Chapter 4:1-8 (ESV)

Posted on July 27, 2023  - By Chris LaBelle  

Chapter 4:1-8 (ESV) - Now when Jesus learned that the Pharisees had heard that Jesus was making and baptizing more disciples than John (although Jesus himself did not baptize, but only his disciples), he left Judea and departed again for Galilee. And he had to pass through Samaria. So he came to a town of Samaria called Sychar, near the field that Jacob had given to his son Joseph. Jacob's well was there; so Jesus, wearied as he was from his journey, was sitting beside the well. It was about the sixth hour.

A woman from Samaria came to draw water. Jesus said to her, “Give me a drink.” (For his disciples had gone away into the city to buy food.) 

Question to consider: In what ways does John the Baptist typify the Old Testament Law?

The apostle John’s note about baptisms pointed to the fact that Jesus was growing in popularity while John the Baptist’s ministry was coming to an end. John was a type for the Old Testament Law. He had become obsolete and would be cut off by Herod just as the Old Covenant would become obsolete on the cross and would be cut off at the destruction of the Jerusalem temple at the end of that generation. Jesus had said of him, “Truly, I say to you, among those born of women there has arisen no one greater than John the Baptist. Yet the one who is least in the kingdom of heaven is greater than he.” (Matthew 11:11) Most would have considered Moses to be greatest in the Old Covenant, but Jesus proclaimed it was John.

Jesus typified the New and everlasting Covenant, and just as the church went out at the stoning of Stephen to proclaim the good news of the New Testament throughout the world, we see Jesus at the end of John the Baptist’s ministry go out to the lost sheep of Israel and beyond. He may have been avoiding the Pharisees by going through Samaria, but as we will see in our study of His encounter at Jacob’s well, Jesus also intended to bring salvation to the Samaritans. Jesus never did anything by accident so it is significant that this gospel encounter was with a woman.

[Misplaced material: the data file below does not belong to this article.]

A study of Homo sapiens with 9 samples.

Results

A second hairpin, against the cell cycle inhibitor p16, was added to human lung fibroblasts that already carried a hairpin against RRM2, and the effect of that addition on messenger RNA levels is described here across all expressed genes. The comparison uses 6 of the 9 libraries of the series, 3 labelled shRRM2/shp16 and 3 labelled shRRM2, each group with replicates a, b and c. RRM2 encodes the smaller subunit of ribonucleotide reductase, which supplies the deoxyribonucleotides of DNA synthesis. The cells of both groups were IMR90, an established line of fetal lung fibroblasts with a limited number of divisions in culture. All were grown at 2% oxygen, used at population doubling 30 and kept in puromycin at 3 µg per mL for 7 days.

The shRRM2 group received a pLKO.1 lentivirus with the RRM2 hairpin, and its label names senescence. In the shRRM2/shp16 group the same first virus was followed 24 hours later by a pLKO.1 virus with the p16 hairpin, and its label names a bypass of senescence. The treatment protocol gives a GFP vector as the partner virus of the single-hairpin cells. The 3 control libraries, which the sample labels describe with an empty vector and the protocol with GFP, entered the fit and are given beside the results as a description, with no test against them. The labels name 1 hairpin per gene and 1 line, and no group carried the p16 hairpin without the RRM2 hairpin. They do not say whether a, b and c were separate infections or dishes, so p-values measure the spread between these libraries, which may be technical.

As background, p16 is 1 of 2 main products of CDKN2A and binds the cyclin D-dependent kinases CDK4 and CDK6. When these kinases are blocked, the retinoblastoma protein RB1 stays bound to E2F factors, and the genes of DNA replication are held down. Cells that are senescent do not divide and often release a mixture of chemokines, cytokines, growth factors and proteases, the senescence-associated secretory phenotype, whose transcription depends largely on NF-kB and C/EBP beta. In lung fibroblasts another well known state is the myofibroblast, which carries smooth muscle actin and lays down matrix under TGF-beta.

The word that is translated “well” was actually more like a hole in the ground to an underground spring (as opposed to a traditional well that is a deep shaft in the ground). This idea of a spring will be significant in Jesus’ discussion with the woman of Sychar. The well was also in view of Mount Gerizim which will also be significant in this discussion.

The apostle John mentioned that it was the sixth hour. A day began at 6am which made the sixth hour noon— the heat of the day. Many commentators say this was an unusual time for a woman to come out to the well, especially alone, for women usually came out in groups in the cool of the morning. This mention is made to draw into question the moral character of the woman saying she may have been ostracized by the other women of the city. 

While this is definitely possible, John mentioned it in context with Jesus being weary from travel and the disciples going into the city to buy food. Thus, it created a scenario where Jesus would have this encounter with the woman. It’s also worth noting that Jacob, the one for whom the well was named, had an encounter with Rachel at a well in Paddan Aram about this time. Rachel was alone with the sheep in that encounter, and nobody questioned her moral character for it. To me, the more shocking part of this encounter was not the time in which the woman arrived, but that Jesus would request that she give Him a drink.


Dear heavenly Father, please give us understanding as we go through this familiar passage and help us to more deeply connect with the one who has made us springs of living water bubbling up to eternal life. It is in His name we pray. Amen.